Wednesday, July 8, 2020


GLOG is easy once you start. I wrote this amid requests for people to explain their GLOG process. This further exists in a context where, for ideological reasons, some people have recently fled D&D(TM), and GLOG has been offered as an alternative.
I would say that my priorities in most games go in this order:

  1. interesting setting
  2. interesting system
  3. interesting PCs
Notably, GLOG is a system. Since that makes it our #2 concern, we want it to serve the needs of the setting. This is why many wise and fun people make their own GLOG.

Making an Interesting Setting
Interesting game settings are not like settings for novels or movies. You need to make engaging with things accessible, make options obvious, and allow for people to improvise with what you've already established. I typically enjoy loading all sorts of one-off oddities in a setting but giving them a common origin. So maybe there are hundreds of weird animals that all fall under the purview of "chimera." This maximizes variety while still keeping things sensical, and allows me to draw from other people's GLOG and D&D content more easily.

The setting as you craft it will imply different kinds of stories that can easily be told in it. Don't set the table for a wargame then try to serve a dungeoncrawl game.

There is a lot that can be said about creating settings, but these points are worth keeping in mind for GLOG settings. 

Making an Interesting System
Again, a lot can be said about making game systems, but if you're attracted to the GLOG it's because you appreciate a system that is flexible and tries not to write rules when GM improvisation or common sense does just as well. There are plenty of very good RPGs with minutiae. GLOG aspires to be a good RPG with no minutiae.

We avoid small bonuses and penalties. We try to roll dice as infrequently as possible. So if I have a random encounter procedure that says "there is a 50% chance of an encounter. If there is one, roll a d10 and consult this chart to see what the players find," I shouldn't flip a coin and on a heads roll a d10. I should just roll a d20 and on an 11+ say there is no encounter.

A great GLOG word is "Always." Another great GLOG word is "Never." The ability to jump 20 feet horizontally fits better in GLOG than getting +4 to jump checks. 

Just make sure that the advantages and disadvantages that people get in your game do not obviate interesting challenges. For many GLOG players, managing light, inventory, and food are interesting challenges. To them, darkvision is not interesting. Do you agree? What is an interesting challenge to you? Many of the challenges I find interesting are made worse by forcing people to roll dice. Convincing people of things, investigating a potential trap, understanding an odd mechanism, figuring out the culprit in a mystery, should be something all player characters, regardless of build, get to engage with. Rolling a d20 is not engaging. Letting players turn one kind of challenge into another kind can be engaging. Replacing the challenge of figuring out who murdered the duke's son with figuring out how to convince the duke that you really did speak with his son's ghost is totally engaging to me.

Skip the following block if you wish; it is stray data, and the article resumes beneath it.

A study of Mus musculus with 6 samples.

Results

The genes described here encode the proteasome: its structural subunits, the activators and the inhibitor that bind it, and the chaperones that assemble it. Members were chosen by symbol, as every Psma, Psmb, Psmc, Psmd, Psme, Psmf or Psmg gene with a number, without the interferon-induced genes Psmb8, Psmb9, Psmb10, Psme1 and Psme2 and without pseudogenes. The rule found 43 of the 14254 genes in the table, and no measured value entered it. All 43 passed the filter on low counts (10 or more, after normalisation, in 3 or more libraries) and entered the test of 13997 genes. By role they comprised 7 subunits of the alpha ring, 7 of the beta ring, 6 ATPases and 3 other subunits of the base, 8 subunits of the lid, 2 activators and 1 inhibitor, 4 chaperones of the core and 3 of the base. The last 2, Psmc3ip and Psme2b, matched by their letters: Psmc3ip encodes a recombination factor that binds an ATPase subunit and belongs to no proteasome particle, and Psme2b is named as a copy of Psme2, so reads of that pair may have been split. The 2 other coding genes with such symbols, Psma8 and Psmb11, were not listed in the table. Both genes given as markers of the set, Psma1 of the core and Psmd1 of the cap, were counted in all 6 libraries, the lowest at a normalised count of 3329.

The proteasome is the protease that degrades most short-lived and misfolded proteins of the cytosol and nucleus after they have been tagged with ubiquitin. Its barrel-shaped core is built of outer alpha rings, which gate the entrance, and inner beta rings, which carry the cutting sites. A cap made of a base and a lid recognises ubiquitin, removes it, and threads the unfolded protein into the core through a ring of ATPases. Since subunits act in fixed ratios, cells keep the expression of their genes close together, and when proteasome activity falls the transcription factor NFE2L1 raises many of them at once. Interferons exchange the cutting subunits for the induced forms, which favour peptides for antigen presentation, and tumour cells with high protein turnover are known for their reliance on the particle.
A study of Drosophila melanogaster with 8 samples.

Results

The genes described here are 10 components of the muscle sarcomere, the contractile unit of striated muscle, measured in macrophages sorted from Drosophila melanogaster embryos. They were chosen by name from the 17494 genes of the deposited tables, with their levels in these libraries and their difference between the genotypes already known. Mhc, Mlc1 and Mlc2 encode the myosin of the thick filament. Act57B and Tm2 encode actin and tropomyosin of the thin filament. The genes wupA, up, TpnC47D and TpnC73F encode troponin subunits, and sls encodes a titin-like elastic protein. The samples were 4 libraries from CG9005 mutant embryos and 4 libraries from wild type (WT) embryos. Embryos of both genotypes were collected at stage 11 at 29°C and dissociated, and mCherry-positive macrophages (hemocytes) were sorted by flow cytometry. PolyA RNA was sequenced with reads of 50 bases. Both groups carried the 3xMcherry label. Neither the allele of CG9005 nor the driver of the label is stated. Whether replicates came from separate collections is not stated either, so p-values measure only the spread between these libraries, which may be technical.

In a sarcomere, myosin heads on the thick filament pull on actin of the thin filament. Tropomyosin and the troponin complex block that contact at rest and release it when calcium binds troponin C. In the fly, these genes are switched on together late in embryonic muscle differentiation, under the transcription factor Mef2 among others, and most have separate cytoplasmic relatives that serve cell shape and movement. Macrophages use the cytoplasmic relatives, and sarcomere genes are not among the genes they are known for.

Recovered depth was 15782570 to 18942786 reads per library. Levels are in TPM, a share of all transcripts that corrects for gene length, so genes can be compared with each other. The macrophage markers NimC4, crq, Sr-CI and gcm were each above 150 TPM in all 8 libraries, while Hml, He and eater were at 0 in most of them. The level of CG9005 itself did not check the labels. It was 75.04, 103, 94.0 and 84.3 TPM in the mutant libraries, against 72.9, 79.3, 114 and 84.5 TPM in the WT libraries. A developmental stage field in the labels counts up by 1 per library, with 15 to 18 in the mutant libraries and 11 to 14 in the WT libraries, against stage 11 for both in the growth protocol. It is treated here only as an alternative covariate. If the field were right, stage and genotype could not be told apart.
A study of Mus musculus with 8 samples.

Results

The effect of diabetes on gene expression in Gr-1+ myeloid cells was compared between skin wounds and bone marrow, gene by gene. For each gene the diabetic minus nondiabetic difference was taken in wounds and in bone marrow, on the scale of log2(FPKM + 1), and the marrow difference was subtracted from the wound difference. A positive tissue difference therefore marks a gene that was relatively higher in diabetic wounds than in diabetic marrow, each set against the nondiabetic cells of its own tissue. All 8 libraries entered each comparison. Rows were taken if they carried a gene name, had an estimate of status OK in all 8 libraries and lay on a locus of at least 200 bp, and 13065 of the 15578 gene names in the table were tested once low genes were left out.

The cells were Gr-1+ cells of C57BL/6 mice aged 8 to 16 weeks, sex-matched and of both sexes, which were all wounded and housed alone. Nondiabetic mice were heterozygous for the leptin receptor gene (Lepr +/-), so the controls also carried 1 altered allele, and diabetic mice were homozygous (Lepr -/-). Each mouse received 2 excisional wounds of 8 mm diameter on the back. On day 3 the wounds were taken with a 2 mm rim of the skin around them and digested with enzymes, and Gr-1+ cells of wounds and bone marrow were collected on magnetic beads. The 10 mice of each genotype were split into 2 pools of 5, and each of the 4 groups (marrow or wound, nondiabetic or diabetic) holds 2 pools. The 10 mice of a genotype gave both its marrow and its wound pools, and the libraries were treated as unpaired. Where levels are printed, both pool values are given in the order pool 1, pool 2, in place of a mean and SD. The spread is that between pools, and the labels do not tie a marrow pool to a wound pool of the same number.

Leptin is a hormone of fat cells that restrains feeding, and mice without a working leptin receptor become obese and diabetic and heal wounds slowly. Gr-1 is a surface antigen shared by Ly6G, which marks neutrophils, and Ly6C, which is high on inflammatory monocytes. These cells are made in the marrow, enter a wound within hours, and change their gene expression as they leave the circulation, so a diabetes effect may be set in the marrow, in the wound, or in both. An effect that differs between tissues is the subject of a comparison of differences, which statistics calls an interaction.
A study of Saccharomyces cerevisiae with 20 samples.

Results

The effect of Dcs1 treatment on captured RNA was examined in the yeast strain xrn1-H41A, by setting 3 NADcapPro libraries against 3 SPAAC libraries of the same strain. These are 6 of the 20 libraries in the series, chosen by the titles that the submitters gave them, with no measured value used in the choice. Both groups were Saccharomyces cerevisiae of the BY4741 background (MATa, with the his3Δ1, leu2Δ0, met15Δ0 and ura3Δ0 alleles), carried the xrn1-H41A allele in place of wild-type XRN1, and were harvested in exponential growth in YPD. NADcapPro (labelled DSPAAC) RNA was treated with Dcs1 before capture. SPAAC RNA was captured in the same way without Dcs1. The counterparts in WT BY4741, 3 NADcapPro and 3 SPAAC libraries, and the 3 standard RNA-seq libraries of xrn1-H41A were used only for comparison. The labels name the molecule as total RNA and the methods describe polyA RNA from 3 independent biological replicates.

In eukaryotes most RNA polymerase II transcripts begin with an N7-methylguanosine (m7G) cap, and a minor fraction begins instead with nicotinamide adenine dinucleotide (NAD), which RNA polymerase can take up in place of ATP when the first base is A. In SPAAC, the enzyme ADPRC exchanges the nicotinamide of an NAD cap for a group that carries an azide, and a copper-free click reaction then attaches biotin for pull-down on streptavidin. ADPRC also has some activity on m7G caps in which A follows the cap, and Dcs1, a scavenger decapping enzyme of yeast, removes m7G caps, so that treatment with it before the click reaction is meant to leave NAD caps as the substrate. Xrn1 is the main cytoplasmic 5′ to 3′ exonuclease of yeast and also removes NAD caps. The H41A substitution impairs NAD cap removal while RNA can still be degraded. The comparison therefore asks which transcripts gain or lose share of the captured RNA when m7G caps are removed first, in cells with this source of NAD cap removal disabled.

This is why I like GLOG, and it's why I made my GLOGhack the way I did. I want to create interesting problems for PCs to tackle by creating new interesting problems. I don't want to gate things behind dice rolls.

Making Interesting PCs
First, you need to find good people who want to play games with you. Admittedly, using a homebrew system can be a liability in convincing your friends to play your game in particular.

However, if you can get people on board GLOG PCs are some of the most enjoyable to play. You don't really need to worry about doing it right, and it's easy if you've played any edition of D&D to figure out how they work. Because GLOG classes are (usually) only 4 levels long, you get to the good stuff right away, with dramatic, defining abilities. No slow, incremental development of abilities here. No sir. GLOG PCs are flexible, because the system doesn't prevent you from doing things just so other classes can be best at them, and because it takes about ten minutes to write a GLOG class.

Writing your own GLOGhack can admittedly be a little daunting. How are you supposed to know what parts of the game you like, or what subtly influences other parts? I suggest you play a game with someone else's hack, even a one or two session game. Consider looking around on the OSR discord; they're quite friendly there. And remember that as long as you are willing to change the rules of a game to suit your needs, as long as you wish to delight as much as you bedevil, the gretchlings and GLOGlins of the GLOG will smile upon you.

Here is a link to my GLOGhack.

And to Skerples's GLOGhack, considered by many the default complete hack.

1 comment:

  1. Yay! I like how you define a path for hacks as top-down (setting to classes). It’s a natural way to create an entire world.